The Gourmand: A contemporary food, arts and culture journal

  • Cultivated Mould - Excuse me miss, there’s a hair in my meal. - The Gourmand
    Cultivated Mould
  • Alfalfa Sprouts - Excuse me miss, there’s a hair in my meal. - The Gourmand
    Alfalfa Sprouts
  • Dark Greens - Excuse me miss, there’s a hair in my meal. - The Gourmand
    Dark Greens
  • Salmon Skin - Excuse me miss, there’s a hair in my meal. - The Gourmand
    Salmon Skin
  • Salmon Roe - Excuse me miss, there’s a hair in my meal. - The Gourmand
    Salmon Roe

Excuse me miss, there’s a hair in my meal.

Although there is something innately repulsive about finding a stray hair in your food, the inclusion of hair in these works by art duo Beast and Burden is very much intentional. And much like when prickly hairs on the skin of pork belly reminds the eater of the origin of their food, these photographs call on us to examine our relationship with food and its wider context. 

 

While there are elements of the grotesque in their work, Beast and Burden didn’t seek to create something outwardly unappealing in these latest pieces. “The challenge was to make something beautiful from a combination normally considered gross”, says Emily Bridge. To aid in this process, Bridge and her artistic partner Emma Witter collaborated with photographer Louise Hagger. They were inspired by Hagger’s refined, luxurious photography and it was appealing to them to work with her within the boundaries of a more editorial style, especially given the subject matter.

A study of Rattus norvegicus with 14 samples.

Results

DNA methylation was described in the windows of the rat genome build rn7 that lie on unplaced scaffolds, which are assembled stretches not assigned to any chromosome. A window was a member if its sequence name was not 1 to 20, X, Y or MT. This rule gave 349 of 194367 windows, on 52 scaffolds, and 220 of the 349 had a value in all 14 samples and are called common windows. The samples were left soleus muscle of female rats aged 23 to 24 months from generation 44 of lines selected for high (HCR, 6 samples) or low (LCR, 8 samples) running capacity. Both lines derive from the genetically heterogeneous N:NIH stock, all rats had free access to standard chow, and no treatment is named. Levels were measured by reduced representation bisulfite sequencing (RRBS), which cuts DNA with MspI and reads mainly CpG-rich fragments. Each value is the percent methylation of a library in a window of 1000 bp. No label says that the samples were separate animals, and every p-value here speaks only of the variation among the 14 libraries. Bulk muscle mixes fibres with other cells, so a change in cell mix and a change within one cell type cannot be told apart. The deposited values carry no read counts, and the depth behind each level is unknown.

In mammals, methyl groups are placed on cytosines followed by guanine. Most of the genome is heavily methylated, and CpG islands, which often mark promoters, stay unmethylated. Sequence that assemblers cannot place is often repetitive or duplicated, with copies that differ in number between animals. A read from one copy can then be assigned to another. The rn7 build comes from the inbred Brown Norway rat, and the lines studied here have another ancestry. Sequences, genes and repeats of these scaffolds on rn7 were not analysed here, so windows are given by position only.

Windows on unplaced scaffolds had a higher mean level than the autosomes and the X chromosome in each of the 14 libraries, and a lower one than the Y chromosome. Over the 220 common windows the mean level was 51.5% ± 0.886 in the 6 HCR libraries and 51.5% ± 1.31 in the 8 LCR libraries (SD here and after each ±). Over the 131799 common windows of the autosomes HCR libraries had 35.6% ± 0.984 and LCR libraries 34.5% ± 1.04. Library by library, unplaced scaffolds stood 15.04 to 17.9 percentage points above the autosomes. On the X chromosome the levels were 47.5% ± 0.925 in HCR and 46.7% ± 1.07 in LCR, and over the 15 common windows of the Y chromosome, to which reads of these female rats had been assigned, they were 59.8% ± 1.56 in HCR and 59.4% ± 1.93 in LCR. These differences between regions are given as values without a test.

The resulting works have a complexity to them which begs to be examined further. The maroon hairs emerging from the artichoke look almost natural and the delicate white strands enveloping the pear could easily be mistaken for a candy floss - that is, until you take a closer look. The pieces are multilayered - both in their construction and concept - with the three women’s hair wrapped and layered among the salmon eggs or meticulously looped to appear like salmon’s iridescent skin.

 

The artists were inspired by the cultivated mould served at Adoni Luis Aduriz' Mugaritz, which is used to approximate wool in a lamb’s dish. They’re also are fascinated by how many people compartmentalise certain aspects of eating and how one substance might be perfectly acceptable in one context, but unappealing in others. They specifically chose to work with foods that are known to promote healthy hair, something that was surprisingly easy for Witter to recall considering the proliferation of ‘Eat Your Way to Healthier Locks' articles in the teen magazines she read in the 1990s. In a way, promoting 'healthy hair and nails' was the acceptable way for magazines to sneak in diet advice to young teens so it’s appropriate that Beast and Burden have snuck in hair right back.